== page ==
Kalvin Chakkar 

My work explores themes of marriage, faith and culture. I projected my life and probable future into my practise. The theme of marriage is channelled from my inevitable, nearing future of an arranged marriage, popular within Indian cultures. There is also an association to India and the social problems there such as poverty which is represented through the use of litter, and gender inequality displayed by the disproportionate pieces and their position within the installation. The materials used were entirely plastic and waste, raising important issues on the environment, sustainability and recycling.

After initial experiments and trials to explore the potential of using heat to manipulate plastic, I began to produce developmental pieces which helped inform further refinement and ideas. The pieces were textured, warped and variated in thickness depending on how much plastic and heat was applied. There was an exploration of colour and a trial and error element to these pieces. Areas were either fused with heat or left to be light and airy – to move delicately in the air. Ultimately the purpose of these pieces was to help inspire a more ambitious, complex large-scale idea. After considerable brainstorming I developed an idea that addressed my culture and could accommodate the plastic fused work I had been producing. I was to make a traditional Indian male and female wedding outfit. This idea enabled me to incorporate my culture and heritage, my personal future and themes of sustainability and recycling through the plastic media.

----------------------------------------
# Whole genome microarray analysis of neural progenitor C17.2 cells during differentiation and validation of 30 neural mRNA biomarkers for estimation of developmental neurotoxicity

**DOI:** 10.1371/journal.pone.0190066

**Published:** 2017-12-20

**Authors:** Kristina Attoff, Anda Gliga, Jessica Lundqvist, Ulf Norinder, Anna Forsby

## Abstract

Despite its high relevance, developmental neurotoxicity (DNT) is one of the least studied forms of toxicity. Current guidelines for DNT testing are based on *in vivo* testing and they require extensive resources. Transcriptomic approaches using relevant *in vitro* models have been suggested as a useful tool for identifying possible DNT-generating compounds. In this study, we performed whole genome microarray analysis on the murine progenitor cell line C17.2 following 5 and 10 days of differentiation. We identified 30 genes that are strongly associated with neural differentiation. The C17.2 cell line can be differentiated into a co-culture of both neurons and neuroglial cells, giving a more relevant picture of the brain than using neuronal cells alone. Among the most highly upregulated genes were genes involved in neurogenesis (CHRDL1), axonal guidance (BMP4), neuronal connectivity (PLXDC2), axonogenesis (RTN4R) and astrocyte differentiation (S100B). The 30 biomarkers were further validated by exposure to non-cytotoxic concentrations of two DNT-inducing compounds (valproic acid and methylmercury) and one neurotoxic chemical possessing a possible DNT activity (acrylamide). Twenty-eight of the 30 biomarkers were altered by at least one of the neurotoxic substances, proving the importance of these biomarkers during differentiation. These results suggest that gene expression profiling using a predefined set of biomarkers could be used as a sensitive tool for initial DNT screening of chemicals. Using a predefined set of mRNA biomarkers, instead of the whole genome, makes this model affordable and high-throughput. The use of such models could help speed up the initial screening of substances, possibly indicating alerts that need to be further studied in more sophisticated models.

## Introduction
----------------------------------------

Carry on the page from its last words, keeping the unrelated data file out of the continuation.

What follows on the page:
With these concepts in mind, I began the development of final Degree Show installation. I researched three key Indian patterns and a prominent Indian designer, Sabyasachi. This led to design development and finally the construction phase. During the construction I realised my work was lacking a contemporary feel and evolving into a commentary on fashion. Through research into Mary Tuma and Thomas Hirschhorn I decided to elongate both the pieces making them both metaphorically and literally monumental at around 8 feet tall. They then lost an ‘ordinariness’ and became something more symbolic and representational rather than just a commentary on traditional Indian fashion. I also began to explore ways I could intentionally create a social statement and decided to have the female piece decorative but shorter and twisted to mark the huge gender inequality in India. This is an important issue for me since I have seen this first hand in India and I was raised in a predominantly female household.

Once the pieces began to come together I decided to consider the setup of the installation. I looked at Anish Kapoor and Bherti Kher in order to understand how to present/curate my installation to achieve the best visual and engaging experience.  In order to connect the male and female pieces I decided to create a large circular reflective mural in the background. Situated behind them, this mural would be a physical symbol of divinity and the sacred bond between the male and female pieces. Together the installation has become a physical representation of a typical Indian marriage where there is evidence of culture and religion but also of social inequality and stereotypical gender roles.